Published:
February 10, 2016
1,000 extra Hinkley B workers 'boost local economy' in Burnham area

More than a 1,000 extra workers have been hired to join Hinkley Point B power station near Burnham-On-Sea to help carry out a major maintenance programme.

Site operator EDF Energy says the influx of workers could provide an economic boost to the area.

One of the nuclear reactors has already been taken out of service to allow inspections to take place inside the reactor. New equipment will also be installed at the plant.

The additional workers will carry out 12,000 separate pieces of work. The biggest projects include replacing two large gas circulators which help cool the reactor, as well as replacing electrical transformers used to support the transmission of low carbon electricity.

The outage – which takes place every three years - has been planned in advance with National Grid to ensure that there is no impact on the national electricity supply.

Hinkley Point B's other reactor is due to continue operating normally throughout the eight week outage period.

Station director Peter Evans said: "This inspection and investment programme is just one part of our much wider commitment to ensuring the continued safe production of low carbon electricity."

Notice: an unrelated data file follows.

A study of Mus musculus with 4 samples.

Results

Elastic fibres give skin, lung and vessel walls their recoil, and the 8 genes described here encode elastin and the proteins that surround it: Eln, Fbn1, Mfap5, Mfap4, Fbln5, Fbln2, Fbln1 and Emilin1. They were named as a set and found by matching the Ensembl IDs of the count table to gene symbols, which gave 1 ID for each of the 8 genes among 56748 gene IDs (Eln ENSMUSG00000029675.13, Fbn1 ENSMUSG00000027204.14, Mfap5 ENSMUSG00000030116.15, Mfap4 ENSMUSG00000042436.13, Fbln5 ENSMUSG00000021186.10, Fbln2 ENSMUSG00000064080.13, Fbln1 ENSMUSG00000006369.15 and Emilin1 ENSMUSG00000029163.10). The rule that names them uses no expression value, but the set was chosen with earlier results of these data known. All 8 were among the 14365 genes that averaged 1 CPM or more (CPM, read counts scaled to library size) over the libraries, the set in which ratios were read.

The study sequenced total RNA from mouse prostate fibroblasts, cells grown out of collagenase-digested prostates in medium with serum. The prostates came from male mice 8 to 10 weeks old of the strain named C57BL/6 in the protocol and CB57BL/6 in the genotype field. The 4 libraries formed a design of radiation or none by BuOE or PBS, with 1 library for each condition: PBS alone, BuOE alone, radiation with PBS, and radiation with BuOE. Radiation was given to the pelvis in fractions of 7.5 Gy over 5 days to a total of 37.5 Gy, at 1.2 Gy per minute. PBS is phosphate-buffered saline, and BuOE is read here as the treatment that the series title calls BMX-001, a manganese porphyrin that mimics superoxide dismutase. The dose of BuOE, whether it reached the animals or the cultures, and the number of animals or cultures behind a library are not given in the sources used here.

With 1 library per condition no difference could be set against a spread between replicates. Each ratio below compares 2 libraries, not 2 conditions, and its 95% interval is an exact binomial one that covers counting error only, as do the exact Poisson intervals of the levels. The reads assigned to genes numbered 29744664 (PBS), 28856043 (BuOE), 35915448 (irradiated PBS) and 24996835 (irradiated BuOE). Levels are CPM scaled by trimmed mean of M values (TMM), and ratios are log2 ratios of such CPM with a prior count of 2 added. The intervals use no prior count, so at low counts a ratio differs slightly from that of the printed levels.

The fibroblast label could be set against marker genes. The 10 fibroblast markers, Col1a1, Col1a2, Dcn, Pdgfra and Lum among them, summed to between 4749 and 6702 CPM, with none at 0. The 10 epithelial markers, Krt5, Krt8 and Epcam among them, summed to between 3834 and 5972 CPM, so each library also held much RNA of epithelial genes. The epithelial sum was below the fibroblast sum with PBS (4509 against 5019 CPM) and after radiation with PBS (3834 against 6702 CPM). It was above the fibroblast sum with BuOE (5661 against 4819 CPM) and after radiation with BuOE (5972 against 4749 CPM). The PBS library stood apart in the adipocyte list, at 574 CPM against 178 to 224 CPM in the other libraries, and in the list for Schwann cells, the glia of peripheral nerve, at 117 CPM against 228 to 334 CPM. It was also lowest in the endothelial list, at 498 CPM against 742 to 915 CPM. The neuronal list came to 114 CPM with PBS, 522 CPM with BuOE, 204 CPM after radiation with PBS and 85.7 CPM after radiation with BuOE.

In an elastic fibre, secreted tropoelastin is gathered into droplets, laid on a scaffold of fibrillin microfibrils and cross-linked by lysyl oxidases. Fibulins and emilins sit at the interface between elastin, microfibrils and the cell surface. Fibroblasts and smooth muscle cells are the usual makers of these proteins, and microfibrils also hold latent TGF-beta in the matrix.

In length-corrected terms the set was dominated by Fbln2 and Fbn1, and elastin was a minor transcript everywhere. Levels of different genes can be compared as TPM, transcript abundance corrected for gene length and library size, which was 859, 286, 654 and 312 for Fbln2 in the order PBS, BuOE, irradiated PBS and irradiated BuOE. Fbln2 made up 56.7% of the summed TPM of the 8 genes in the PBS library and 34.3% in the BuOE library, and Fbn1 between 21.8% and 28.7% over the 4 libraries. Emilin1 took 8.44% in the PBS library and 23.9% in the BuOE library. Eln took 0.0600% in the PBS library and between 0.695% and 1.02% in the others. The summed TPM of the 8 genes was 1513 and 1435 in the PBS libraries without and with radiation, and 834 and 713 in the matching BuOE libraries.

"It's also good news for the local economy as the extra workers bring additional money into local shops, taxis, restaurants, B&Bs and hotels."

The project is overseen by outage manager, Mike Davies, who said: "Taking the reactor out of service means we can inspect it and carry out maintenance which we wouldn't normally be able to do."

"Inspections will take place inside the reactor as well as in its boilers and the graphite core. We'll be working closely with our contractors and nuclear engineering specialists from across the country to get this work done on time."

Hinkley Point B employs around 535 full-time staff and more than 220 full-time contract partners.

To date it has generated enough low carbon electricity to power around 60 million homes. Its two reactors still produce enough electricity for approximately one and a half million properties each year.

By generating electricity from nuclear power instead of fossil fuels, Hinkley Point B has avoided the production of around 187 million tonnes of carbon dioxide and equivalent greenhouse gases (CO2e) - the equivalent of taking all passenger cars off UK roads for just under two and a half years.

Hinkley Point B is scheduled to continue operating until 2023 although it is subject to ongoing review of its safety case by the nuclear safety regulator.